Wednesday, September 26, 2012

The Process (Part 2)

     Jail is a horrible place to live, but after awhile, you get used to it. As the days passed, I became accustomed to the noise and lack of privacy. Everyday passed almost unchanged from one to the next. All the inmates usually end up doing nearly the exact same thing each day because of lack of opportunities to do anything different. After time it becomes a necessity leading to an effect known as "instutionalization." A person becomes dependent on the daily routine and any disruption to it can cause distress. This is not as strange as it may seem at first, because a change in the routine is usually from some form of violence taking place. Excitement is a bad thing in jails and prisons nine times out of tem. Inmates who have spent long stretches of time in prison loosen their ties to the outside world and can become unable to cope with life outside of prison or change within the prison. Once released, this crutch of the routine the prisoner has relied on for years is no longer there, and it is no surprise when they quickly return to prison again.

     Because of the media attention, the other inmates knew who I was. Sometimes I would hear people pass by my cell and say, "That's him." From time to time, I'd get hate mail or a letter from some unkown person telling me they were praying for me. A preacher from the town where the shooting happened came to see me after seeing the coverage on the news. I didn't care much for religion, but it gave me a chance to get out of my cell. I agreed to see him just to pass the time. The preacher, Jonnie Hernandez, turned out to be a pretty nice man and not at all what I imagined a preacher to be like. He didn't preach a sermon to me or tell me how much of a rotten sinner I was. There was no Bible thumping or guilt trips. He just told me he understood I was a long way from home and I could probably use a friend. He was right.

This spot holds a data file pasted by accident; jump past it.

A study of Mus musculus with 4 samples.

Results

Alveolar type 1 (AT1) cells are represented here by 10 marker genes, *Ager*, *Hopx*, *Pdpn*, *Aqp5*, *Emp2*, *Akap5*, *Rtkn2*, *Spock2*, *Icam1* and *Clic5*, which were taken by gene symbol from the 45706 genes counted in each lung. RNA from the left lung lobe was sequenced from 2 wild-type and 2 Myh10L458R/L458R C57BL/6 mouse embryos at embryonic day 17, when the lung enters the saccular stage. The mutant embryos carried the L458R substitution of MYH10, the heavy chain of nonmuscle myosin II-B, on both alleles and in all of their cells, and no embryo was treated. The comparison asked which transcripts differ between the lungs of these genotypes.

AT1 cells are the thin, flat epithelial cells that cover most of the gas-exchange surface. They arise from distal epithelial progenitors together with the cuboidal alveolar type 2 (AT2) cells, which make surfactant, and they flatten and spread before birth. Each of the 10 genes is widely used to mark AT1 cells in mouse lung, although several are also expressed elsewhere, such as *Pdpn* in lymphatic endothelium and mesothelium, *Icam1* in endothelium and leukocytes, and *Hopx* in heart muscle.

He continued to come each week for nearly the entire time I was in Louisiana. During our visits, he would tell me of his life and carefully weave in little bits about Jesus Christ and how his life had changed since he was saved. I really didn't know what he meant by "saved" but it sounded interesting. He explained that Jesus had died for me so I could be forgiven for my sins. I said a sinner's prayer with him that day but my heart wasn't in it. I did it just to please him. I couldn't believe. Deep inside, I knew I was beyond redemption and love. I had crossed too many lines and gone too far, I believed, even for even God to fix.

     When I was back in my cell, I really started to reflect on the words the preacher had said. He had told me that despite my past, God loved me and sent His son Jesus to pay the penalty for my sins. While I didn't completely understand what he was talking about, I knew one thing. It sounded too good to be true, but I wanted to believe it anyway. I hated the way my life had turned out, and everyday was abject misery. Even
before prison, each day was something to be endured. I had never accomplished anything in my life. I had quit school, never had a job, and never even had a driver's license. I was the ultimate failure and it hurt. It wasn't a physical pain but something inside me hurt none the less. I was missing something in my life and never felt complete. I had thought I had found the thing missing when I had met Sarah, but as soon as she was gone it had come back. Reflecting back, I saw I was always attaching myself to others in order to feel complete. I probably would have given my life to this Jesus right then and there, but one thing was holding me back-the murder in Mississippi.

     The word confession and repentance kept coming up in my visits with Johnny. I didn't think I could honestly confess and repent for my sins to God, including the murder, while trying
to hide it from the authorities. I wasn't ready to admit to something like that then and couldn't imagine a situation where I would.

1 comment:

Anonymous said...

My opinion on the issue of forgiveness may be completely wrong or not applicable to Bens' situation... But I don't believe a person can even entertain the idea that they could ever be forgiven until they actually forgive themselves. I watched a special on Ben and Sarah's case on the ID channel called, "Deadly Attractions". Throughout the show, many people involved in this case were interviewed. One of which was the husband of the lady who was robbed/shot/paralyzed by Sarah. He revealed that she was diagnosed with terminal cancer 4 months after the near fatal robbery. Subsequently, she passed away. But he stated prior to her passing, she had actually forgiven Ben and Sarah. So the way I see it is if the victim was able to forgive them, I can only hope they have since been able to forgive themselves. God Bless You Ben.